06.12.2022 change 06.12.2022

Polish scientists patent method of detecting genetic predisposition to aggressive breast cancer


Professor Andrzej Pławski and Emilia Lis-Tanaś from the Innovative Medical Center of the Institute of Human Genetics of the Polish Academy of Sciences in Poznań have now been granted a patent to 'quickly and precisely’ detect the most common point mutations in the RECQL and PALB2 genes.

Between 5-10 percent of cases of breast cancer are associated with genetic predispositions.

RECQL and PALB2 gene variants in breast cancer patients cause an extremely aggressive form of breast cancer with a poor prognosis and incidence reported at a very young age. The most common mutations of these two genes in the European population are three point mutations: c.1667_1667+3delAGTA in RECQL, c.509_510delGA and c.172_175delTTGT in PALB2, and deletion of exon 9 of the PALB2th gene.

The simultaneous detection of point mutations and lesions involving larger DNA fragments poses a diagnostic problem because it requires the use of expensive and labour-intensive analyses.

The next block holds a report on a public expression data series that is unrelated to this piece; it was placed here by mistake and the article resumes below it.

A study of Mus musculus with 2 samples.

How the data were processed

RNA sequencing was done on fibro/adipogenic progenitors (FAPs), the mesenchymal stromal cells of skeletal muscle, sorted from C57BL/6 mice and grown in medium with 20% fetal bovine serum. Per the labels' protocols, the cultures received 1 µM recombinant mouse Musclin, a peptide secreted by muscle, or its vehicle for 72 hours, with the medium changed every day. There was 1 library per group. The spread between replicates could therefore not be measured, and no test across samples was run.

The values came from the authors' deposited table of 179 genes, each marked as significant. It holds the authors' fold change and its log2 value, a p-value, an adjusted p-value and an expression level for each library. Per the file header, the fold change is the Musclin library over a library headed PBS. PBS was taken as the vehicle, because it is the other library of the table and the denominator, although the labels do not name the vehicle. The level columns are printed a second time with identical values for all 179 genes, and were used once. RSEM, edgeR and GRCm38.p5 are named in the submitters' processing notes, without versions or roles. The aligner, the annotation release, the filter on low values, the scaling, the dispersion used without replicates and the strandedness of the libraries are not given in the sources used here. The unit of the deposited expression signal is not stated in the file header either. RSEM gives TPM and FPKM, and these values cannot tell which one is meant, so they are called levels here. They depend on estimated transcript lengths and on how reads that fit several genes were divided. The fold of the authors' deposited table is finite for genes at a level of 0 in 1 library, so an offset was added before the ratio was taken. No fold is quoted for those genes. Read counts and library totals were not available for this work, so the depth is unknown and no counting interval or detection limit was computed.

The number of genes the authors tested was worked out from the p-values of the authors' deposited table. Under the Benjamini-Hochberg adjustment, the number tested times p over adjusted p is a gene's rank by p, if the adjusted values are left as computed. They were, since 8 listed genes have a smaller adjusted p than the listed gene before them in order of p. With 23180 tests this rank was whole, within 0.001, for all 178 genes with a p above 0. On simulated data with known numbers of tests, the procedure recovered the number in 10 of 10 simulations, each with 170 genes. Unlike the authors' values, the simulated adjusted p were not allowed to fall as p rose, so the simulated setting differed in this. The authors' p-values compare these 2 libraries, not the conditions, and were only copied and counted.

The detection method developed by the scientists is based on the use of novel comparative-high resolution melting (C-HRM) - simultaneous detection of point mutations and copy number variations. The method was developed and published by Professor Andrzej Pławski 's team in 2014.

According to the expert, the identification of the genetic mutations associated with breast, prostate and ovarian cancers is important for the application of right therapy. 

Professor Pławski said: “Carried mutations in DNA repair genes is important for prevention and proper treatment. The response of DNA-mutation carriers to treatment is quite different from the response of those carrying sporadic cancers, without mutations in DNA repair genes.”

He added that for this reason, a rapid method of identifying the most common mutations in DNA repair genes offers greater opportunities to improve the effectiveness of treatment of such cancers. 

He said: “Mutations of the RECQL and PALB2 genes can occur in approximately 1 percent of breast cancer patients. These cases usually occur at an earlier age and have a worse prognosis.”